We focus on implementing innovative technologies that reduce both costs and environmental impact of producing electricity.
The Food-Energy-Water Nexus describes the inextricable relationship between food security, energy security, and water security. A change in any one of these areas affects the entire dynamic, and the stability of each area is vital to a high quality of life. What we advocate is the application of technology by which access to food, energy and water may be addressed in one process: a way to transform waste streams from fossil fuel production into food, clean energy and potable water.
Countries that have implemented large-scale renewable projects have experienced problems on their grid due to intermittency. As the renewable power generators inject power on to the grid, but then quickly remove power from the grid due to intermittency, thermal plants must burn fossil fuels more inefficiently to maintain supply. The intermittency of renewables will actually cause fossil fuel usage to rise. SPL has developed a process to use molten salt heat storage to allow renewable power sources to work with existing power sources to provide baseload power. It has done this by adapting a traditional thermal power boiler to heat molten salt.
The problem facing renewables is not the production of power, but the storage of it. Molten salt can be the “battery” for renewables. SPL’s concept is to store heat in conjunction with the renewable power source. The stored heat can then be used to generate electricity when the renewables are no longer contributing power to the grid. SPL’s design modification to a traditional boiler using the molten salt is both simple and revolutionary.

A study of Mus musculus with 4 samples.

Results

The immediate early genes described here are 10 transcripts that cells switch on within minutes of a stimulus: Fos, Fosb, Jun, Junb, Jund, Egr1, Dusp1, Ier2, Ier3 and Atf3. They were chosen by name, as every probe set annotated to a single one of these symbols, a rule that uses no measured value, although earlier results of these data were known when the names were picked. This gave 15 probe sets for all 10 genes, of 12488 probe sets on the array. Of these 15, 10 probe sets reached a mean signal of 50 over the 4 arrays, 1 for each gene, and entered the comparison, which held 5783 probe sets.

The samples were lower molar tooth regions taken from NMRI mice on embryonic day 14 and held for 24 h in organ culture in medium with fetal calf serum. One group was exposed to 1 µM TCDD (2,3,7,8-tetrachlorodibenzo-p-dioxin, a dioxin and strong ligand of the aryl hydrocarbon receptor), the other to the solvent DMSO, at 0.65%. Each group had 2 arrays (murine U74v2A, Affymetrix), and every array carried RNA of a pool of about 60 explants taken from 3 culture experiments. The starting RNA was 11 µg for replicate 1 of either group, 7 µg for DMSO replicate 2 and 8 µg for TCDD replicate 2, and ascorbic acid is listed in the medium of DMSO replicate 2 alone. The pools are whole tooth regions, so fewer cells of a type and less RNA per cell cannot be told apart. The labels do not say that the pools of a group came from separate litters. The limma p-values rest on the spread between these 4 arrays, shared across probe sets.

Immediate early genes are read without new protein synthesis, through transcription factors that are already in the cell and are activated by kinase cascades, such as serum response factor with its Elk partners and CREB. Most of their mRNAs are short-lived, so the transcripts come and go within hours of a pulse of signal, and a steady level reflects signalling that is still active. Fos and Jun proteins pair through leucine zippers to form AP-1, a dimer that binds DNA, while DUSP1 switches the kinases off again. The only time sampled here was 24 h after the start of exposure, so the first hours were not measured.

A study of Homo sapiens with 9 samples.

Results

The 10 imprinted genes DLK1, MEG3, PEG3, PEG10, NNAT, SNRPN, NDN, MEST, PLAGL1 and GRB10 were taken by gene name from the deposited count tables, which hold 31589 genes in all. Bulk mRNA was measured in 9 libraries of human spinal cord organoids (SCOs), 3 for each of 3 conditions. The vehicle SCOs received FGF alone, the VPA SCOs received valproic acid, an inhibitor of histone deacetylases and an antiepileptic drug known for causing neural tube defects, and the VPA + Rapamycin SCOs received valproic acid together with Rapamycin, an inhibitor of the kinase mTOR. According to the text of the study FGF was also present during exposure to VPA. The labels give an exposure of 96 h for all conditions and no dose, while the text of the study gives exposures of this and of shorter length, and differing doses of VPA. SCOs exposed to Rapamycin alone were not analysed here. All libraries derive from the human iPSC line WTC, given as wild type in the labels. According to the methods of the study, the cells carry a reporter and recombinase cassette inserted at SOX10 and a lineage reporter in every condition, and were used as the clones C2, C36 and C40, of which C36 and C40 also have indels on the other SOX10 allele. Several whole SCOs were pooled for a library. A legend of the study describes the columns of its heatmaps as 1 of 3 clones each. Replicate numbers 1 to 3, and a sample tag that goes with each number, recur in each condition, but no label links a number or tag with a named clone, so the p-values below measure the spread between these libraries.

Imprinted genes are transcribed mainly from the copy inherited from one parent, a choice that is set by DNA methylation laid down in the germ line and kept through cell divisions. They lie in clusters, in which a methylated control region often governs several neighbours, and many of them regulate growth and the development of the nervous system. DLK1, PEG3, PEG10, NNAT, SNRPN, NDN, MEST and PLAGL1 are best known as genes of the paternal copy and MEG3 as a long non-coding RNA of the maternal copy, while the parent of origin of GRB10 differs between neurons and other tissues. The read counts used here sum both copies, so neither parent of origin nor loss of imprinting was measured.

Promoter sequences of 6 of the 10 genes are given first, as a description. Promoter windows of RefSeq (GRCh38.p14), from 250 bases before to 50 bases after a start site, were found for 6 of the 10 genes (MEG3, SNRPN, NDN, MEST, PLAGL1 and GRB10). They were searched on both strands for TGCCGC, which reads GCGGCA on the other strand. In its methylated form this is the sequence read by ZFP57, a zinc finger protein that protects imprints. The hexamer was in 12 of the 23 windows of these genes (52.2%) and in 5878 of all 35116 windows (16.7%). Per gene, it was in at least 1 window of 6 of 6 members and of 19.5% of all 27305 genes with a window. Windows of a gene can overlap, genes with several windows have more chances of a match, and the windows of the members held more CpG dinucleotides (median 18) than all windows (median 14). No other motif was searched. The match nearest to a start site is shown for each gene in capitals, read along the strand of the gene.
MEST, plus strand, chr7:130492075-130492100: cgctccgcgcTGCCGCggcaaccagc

The process begins with a conventional coal boiler designed with drainable tubes in order to meet the needs for working with salt. This is important because below 250°C, the salt freezes and expands. There are two types of heat transfer surfaces used in salt furnaces that are exactly like their boiler counterparts: First, the membrane wall; and second, the economizer.
All of the heat transfer surfaces in the salt furnace are single phase, which eliminates the need for steam drums, which greatly minimizes weight and the need for structural support. SPL has found that the circulating fluidized bed (CFB) works best due to the capability to have a compact heat transfer surface with the finned economizer. With a bed temperature less than the fusion temperature of the coal, this will result in a lower overall pressure drop and smaller heat transfer surface.
The use of a CFB boiler allows better economy of the boiler due to recovering more heat from the flue gas. The CFB allows a less aggressive means of cooling, which prevents condensation or acid formation on the heat transfer surfaces. This also allows for a 40% reduction in induced fan power compared to a conventional boiler. Based on the design considerations above, modifying a traditional boiler design to a salt furnace simplifies the design process as well as material selection.